I have often said that the industry has changed. One of the biggest changes, if not the biggest change, is that today’s customers quite likely know more than you do. There is a world of information at their fingertips and we are no longer their “google.” Customers come to us based on our relationships, or because they need someone to wade through the muck of booking travel, or because of some access to travel that is not necessarily available elsewhere. They no longer come to us for information about destinations. Sure, they will ask our opinions and thoughts and take them under consideration, but if you think your customers are coming to you with a blank slate, you are sorely mistaken.
It is much safer for your reputation to admit you are short of knowledge on some information than to be vague; or worse, to try and bluff your way through. Earlier this week, a client called me about a trip she was presently taking that I did not book (it’s OK, it was out of my expertise and I am fine with it) with a concern. She was trying to get from the airport to a local hotel and was told by her agent that the only way to get there was by taxi and the fare was about $75.
$75 seemed awfully high to this single mom, and she called me asking for advice and to confirm that the price was correct. I was not familiar with the destination and told her I would look and see. Turns out her information was wrong. Way wrong!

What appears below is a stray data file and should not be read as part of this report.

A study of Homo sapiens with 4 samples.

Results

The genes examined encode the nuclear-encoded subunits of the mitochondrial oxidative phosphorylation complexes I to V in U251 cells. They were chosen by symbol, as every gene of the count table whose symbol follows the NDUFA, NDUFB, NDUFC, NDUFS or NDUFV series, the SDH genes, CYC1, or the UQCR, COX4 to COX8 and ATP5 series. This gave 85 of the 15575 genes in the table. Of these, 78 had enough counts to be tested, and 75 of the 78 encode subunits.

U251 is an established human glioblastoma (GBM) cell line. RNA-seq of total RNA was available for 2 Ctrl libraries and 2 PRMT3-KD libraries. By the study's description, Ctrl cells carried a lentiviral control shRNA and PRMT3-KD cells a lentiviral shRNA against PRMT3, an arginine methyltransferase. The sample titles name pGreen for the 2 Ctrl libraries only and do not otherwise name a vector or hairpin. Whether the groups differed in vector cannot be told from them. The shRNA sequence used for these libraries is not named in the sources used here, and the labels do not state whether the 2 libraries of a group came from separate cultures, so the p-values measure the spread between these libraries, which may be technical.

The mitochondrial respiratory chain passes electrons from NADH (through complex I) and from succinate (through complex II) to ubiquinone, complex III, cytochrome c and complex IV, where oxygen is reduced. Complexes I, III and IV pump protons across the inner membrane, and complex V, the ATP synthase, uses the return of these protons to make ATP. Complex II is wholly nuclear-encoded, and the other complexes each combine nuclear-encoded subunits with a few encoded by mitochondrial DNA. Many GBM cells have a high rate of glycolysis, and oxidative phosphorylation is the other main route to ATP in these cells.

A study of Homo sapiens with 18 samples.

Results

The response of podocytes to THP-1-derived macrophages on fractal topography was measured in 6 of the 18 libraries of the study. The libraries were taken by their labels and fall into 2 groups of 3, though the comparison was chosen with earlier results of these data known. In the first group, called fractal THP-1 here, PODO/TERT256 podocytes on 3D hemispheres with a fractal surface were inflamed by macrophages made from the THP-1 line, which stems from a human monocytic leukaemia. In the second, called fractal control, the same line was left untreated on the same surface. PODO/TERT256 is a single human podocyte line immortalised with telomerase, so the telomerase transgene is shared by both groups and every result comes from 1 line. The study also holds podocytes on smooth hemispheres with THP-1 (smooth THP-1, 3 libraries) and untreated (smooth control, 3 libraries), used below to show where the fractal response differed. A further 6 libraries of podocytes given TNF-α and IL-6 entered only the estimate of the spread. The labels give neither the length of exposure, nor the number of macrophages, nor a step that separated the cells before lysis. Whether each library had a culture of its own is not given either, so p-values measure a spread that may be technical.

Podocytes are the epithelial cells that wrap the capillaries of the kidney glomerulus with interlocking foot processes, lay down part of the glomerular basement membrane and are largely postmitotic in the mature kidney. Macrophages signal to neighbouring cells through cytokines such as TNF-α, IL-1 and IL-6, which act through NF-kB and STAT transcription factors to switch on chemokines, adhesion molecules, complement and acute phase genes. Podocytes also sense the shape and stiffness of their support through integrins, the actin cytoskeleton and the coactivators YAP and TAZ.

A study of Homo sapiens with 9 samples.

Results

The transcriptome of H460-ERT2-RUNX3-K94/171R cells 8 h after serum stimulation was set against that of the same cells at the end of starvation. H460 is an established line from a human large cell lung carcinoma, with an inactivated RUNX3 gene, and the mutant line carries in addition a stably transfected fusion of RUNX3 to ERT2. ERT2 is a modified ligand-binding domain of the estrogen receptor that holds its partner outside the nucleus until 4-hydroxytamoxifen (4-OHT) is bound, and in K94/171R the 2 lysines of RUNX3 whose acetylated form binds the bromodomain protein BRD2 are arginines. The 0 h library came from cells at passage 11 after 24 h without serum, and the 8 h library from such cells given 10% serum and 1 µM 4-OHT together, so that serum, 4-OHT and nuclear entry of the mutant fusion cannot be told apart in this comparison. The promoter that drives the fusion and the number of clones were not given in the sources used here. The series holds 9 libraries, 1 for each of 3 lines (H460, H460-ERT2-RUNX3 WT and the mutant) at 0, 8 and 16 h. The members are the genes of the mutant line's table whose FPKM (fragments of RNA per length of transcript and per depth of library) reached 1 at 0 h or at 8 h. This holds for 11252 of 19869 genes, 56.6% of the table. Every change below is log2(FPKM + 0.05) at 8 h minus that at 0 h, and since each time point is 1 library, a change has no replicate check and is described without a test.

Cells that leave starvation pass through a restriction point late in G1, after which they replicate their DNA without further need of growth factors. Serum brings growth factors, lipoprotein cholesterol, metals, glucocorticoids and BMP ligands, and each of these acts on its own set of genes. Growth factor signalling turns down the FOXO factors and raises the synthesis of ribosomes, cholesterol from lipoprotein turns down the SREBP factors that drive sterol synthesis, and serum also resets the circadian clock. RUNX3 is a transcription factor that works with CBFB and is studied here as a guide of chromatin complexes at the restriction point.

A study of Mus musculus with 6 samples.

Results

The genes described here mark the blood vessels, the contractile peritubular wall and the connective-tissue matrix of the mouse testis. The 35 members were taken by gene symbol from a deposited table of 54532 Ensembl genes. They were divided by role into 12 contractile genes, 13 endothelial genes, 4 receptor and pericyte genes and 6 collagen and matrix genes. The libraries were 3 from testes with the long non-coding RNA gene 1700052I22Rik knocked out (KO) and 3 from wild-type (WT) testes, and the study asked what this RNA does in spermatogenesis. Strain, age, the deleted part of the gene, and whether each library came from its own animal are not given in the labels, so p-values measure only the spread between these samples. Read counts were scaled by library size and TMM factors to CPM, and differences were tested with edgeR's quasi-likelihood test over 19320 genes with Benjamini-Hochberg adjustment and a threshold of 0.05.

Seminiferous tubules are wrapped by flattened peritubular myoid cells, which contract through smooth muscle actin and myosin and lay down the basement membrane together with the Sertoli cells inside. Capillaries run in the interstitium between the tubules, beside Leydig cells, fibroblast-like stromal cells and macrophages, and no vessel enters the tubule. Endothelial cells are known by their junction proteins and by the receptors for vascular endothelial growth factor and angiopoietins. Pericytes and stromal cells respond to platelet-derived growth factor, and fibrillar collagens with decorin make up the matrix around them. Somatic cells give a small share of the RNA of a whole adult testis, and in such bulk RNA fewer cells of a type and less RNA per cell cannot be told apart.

The hotel was located 4 miles from the airport, and under the worst traffic conditions, it might take a half-hour. But this was during off-peak hours and the trip should take less than 10 minutes. A quick Google search on local taxi fares yielded a $10 to $15 estimate. Much more in line than what appeared to be a “safe” answer from her agent. Knowing she was traveling alone with her young son, I suggested that she might also consider using Uber. The car would likely be cleaner and she would know in advance what car she was getting and what the driver looked like—an added bit of security for a single mom.
She had never heard of Uber (I am still not sure how that happened!) and ended up downloading the app, creating an account, and getting an estimate for the trip. The Uber estimate was $15 to $19 and she went with that and it worked incredibly well with a total fare of $14—she tipped the driver $6 although it was not necessary.
I certainly did not mind helping her out—it was literally 5 minutes of my time. But it is important to realize that she came to me because of the relationship we share (one of the key reasons any agent has a client) and in the process, by giving her accurate information, not only did I cement my relationship a bit more, but likely disintegrated the one she may have had with the other agent.
We were talking after all this transpired and she was now questioning if she had received the best pricing on other aspects of the trip and the general knowledge and expertise of the other agent. And quite honestly, I would be surprised if she returned. But there you have it—for what appears to be taking the easy way out and not willing to spend five minutes verifying, a travel professional has lost a client. Are you willing to take that risk? Not me!